July 7, 2022, by Leah Sharpe
I Want to Take a Year Out After Graduation. What Will Employers Think?
By Katie Ray, Employability Education Projects Officer
Employers are looking for more than just a degree when recruiting graduates. So, when done right, taking time out after graduation can be an amazing way to boost your CV and make you stand out amongst the crowd. Not only that, but it gives you space and time to consider what you really want, which will boost your confidence when entering the job market.
What you do with your gap year is individual to you. Gap years traditionally have been attributed to spending time abroad, travelling and working. But there is so much more you can do. You could volunteer, start a personal project, learn a new craft or language, complete some online courses. Options are endless!
What is important is that you can explain what you have gained from your time out and how it will add value to whatever role you apply for next. Having a year off sitting about watching Netflix might be hard to justify to any prospective employers…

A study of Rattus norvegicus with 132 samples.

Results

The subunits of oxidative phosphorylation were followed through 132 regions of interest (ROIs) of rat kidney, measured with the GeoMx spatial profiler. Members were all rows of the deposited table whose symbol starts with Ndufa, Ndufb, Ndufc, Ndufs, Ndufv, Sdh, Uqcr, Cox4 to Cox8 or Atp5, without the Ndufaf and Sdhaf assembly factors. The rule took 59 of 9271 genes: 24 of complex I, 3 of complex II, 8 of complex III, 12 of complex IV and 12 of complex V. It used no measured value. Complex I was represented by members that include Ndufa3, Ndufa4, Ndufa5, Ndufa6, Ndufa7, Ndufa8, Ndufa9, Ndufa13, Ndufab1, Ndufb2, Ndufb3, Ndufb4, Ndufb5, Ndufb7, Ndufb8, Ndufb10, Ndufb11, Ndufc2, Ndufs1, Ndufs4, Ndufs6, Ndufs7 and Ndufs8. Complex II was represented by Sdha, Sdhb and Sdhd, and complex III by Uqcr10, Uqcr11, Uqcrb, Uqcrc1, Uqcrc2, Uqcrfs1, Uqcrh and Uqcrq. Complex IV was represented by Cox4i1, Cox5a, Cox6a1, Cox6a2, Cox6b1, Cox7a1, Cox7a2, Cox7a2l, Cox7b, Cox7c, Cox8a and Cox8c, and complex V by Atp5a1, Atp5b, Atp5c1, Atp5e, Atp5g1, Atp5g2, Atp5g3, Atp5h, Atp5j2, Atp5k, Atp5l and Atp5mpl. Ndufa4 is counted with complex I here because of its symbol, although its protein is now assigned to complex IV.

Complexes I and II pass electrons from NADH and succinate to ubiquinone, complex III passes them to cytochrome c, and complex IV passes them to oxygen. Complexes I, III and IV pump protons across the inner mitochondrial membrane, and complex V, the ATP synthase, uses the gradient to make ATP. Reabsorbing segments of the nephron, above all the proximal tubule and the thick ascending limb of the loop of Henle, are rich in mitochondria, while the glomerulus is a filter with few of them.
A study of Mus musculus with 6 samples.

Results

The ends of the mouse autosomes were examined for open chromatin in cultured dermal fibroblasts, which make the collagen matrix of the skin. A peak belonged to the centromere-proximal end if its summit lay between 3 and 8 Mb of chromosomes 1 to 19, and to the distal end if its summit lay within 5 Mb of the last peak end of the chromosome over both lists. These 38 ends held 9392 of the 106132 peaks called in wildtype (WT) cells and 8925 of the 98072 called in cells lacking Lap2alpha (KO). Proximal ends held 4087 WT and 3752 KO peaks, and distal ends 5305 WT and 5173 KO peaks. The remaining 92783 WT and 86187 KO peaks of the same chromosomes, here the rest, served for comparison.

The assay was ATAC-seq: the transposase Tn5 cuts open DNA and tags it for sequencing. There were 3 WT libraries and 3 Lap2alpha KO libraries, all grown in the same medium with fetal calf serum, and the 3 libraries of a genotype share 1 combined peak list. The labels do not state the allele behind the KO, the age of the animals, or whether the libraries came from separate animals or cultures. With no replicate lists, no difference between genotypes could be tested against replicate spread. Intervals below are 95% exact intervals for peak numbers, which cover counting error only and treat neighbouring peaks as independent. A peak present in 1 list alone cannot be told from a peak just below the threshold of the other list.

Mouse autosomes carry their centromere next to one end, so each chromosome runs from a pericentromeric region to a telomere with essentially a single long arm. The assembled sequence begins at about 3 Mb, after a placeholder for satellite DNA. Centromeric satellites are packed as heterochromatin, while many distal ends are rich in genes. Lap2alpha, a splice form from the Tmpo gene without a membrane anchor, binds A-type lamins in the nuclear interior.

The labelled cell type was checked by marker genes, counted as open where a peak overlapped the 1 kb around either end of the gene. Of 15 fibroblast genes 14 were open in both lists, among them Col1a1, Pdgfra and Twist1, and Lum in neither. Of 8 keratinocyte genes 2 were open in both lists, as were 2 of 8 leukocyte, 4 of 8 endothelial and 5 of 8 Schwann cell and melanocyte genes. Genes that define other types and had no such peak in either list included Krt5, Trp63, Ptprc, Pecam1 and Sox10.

Have a plan!
In the grand scheme of things, a year is not a very long time and has a habit of passing us by very quickly. You can easily fall into a trap where you lose momentum and focus. Be clear on what you want to achieve, learn and experience and by when. You must be organised with your approach.
If travelling is on your agenda, check out Omio, a great tool to help you plan and organise your gap year.
If you know anyone that’s taken a gap year, have a chat with them. They may be able to give you some hints and tips on what worked well for them and what they might have done differently.
If you’re planning on applying to graduate schemes the following year, don’t forget to factor this into your plan. Keep an eye on when recruitment processes start, so you don’t miss out. Especially if you’re travelling abroad, it may slip your mind!
Keep a diary
Remember, whatever you decide to do, keep a reflective diary of what you’ve done. This will come in super handy when you’re updating your CV and making applications. It’s easy to forget about all those transferable skills you’ve built up along the way. For example, if you’ve been travelling, you’re bound to have enhanced your communication and relationship building skills through meeting lots of new people from different backgrounds, cultures and languages. Or if you’ve been working on a personal project, you’ve most likely had to use your planning and research skills to get it off the ground and maybe had to be adaptable to any hurdles along the way.
Take a look at our Taking time out webpage for detailed support and advice.